The Student News Site of St. Joseph's University

The Hawk News

The Student News Site of St. Joseph's University

The Hawk News

Fit to be king
Lilli Dellheim, Special to the Hawk • July 13, 2024

A Hawk for life

Jameer Nelson at St. Joe’s 2018 undergraduate commencement ceremony (Photo by Luke Malanga ’20).

Jameer Nelson graduates with the class of 2018

The last graduate’s name was called in the College of Arts and Science, applause erupted and Hagan Arena rose to their feet as Jameer Nelson’s name was called.

Fourteen years after being selected in the first round of the NBA Draft, former St. Joe’s men’s basketball player Jameer Nelson officially graduated as a Hawk.

Nelson’s name is one echoed throughout Hagan Arena, a name that is placed above the number fourteen, a name that touches the hearts of teammates, coaches, family members, classmates and strangers, and a name that has proven to be historic.

Jameer Nelson receives his degree at St. Joe’s 2018 undergraduate commencement ceremony (Photo by Luke Malanga ’20).

Nelson graduated with a Bachelor of Science in sociology on May 19, after completing his final credits online while playing in the NBA. He walked across the same hardwood floor where he brought joy to many students and fans years ago.

“My favorite part was seeing my wife and kids smile,” Nelson said. “I enjoyed coming into this room and seeing everyone that supported me throughout my career.”

Nelson’s on-court selflessness was put on display for the world to see after St. Joe’s historic 24-0 season came to an abrupt end in the 2004 NCAA Tournament.

“My ultimate goal was to be the best teammate anyone ever had,” Nelson said after the defeat.

Nelson’s actions off the court also give way to a selfless approach to life. By coming back to earn his degree, Nelson kept others in the forefront of his mind.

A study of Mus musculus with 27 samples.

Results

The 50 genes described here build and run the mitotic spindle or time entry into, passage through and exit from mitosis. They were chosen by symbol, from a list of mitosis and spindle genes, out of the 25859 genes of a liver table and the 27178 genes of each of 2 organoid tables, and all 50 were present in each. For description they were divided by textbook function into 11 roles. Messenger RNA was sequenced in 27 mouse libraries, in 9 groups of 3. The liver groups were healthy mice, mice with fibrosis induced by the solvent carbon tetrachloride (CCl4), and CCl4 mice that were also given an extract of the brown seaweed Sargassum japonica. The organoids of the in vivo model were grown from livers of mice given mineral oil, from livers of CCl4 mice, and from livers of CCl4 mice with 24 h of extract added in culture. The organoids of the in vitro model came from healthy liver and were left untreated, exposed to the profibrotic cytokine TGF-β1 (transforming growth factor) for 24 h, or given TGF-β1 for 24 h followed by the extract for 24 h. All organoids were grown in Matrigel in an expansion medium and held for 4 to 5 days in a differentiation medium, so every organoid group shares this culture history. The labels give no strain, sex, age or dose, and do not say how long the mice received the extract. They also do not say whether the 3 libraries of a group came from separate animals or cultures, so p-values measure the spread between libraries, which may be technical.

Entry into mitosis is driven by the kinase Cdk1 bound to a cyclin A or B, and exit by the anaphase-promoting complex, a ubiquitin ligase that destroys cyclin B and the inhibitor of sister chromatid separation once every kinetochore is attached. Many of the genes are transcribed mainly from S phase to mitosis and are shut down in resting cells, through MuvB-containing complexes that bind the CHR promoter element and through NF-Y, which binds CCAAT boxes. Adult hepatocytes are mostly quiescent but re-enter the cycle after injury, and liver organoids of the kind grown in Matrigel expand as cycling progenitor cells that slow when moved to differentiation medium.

“I did it for my family, friends, my home back in Chester and St. Joe’s,” Nelson said.

Nelson with his family after receiving his degree (Photo by Luke Malanga ’20).

St. Joe’s men’s basketball Head Coach Phil Martelli, who was both a coach and mentor for Nelson, emphasized how incredibly proud of Nelson his is for earning his degree.

“It’s the most remarkable accomplishment of a remarkable life that is really just starting,” Martelli said. “He’s at the highest level in terms of a basketball player, the highest level as a father and the highest level as a son. Of all those things, this is his greatest achievement.”

Nelson said he always felt as though he could get to the NBA but he was never certain about earning his degree.

“I have the same feeling now when I was about to get drafted,” Nelson said before graduation day. “It’s the nervousness of not knowing what to expect. This to me is the biggest accolade that I could receive.”

For St. Joe’s Athletics Director Don DiJulia, watching student-athletes like Nelson succeed is his favorite part of the position.

“Finishing an academic career takes a lot of behind the scenes work,” DiJulia said. “I find joy in watching others be joyful for accomplishing something they want.”

After years of coaching, Martelli saw Nelson’s potential as a player and a person. Both of them have remained prominent figures in each other’s lives.

“He is one of the most remarkable people that I’ve ever been around,” Martelli said. “He has done so much for our school, for our program and for my family and I. I feel extraordinarily blessed to have him in my life.”

Throughout the process of completing his degree, Nelson didn’t know what to expect, but he continued to pursue his degree to set an example and accomplish yet another personal goal.

“We don’t all realize that everyone is leading in their own way,” Nelson said. “One of the most important things that I took away from this whole experience was how to empower people.”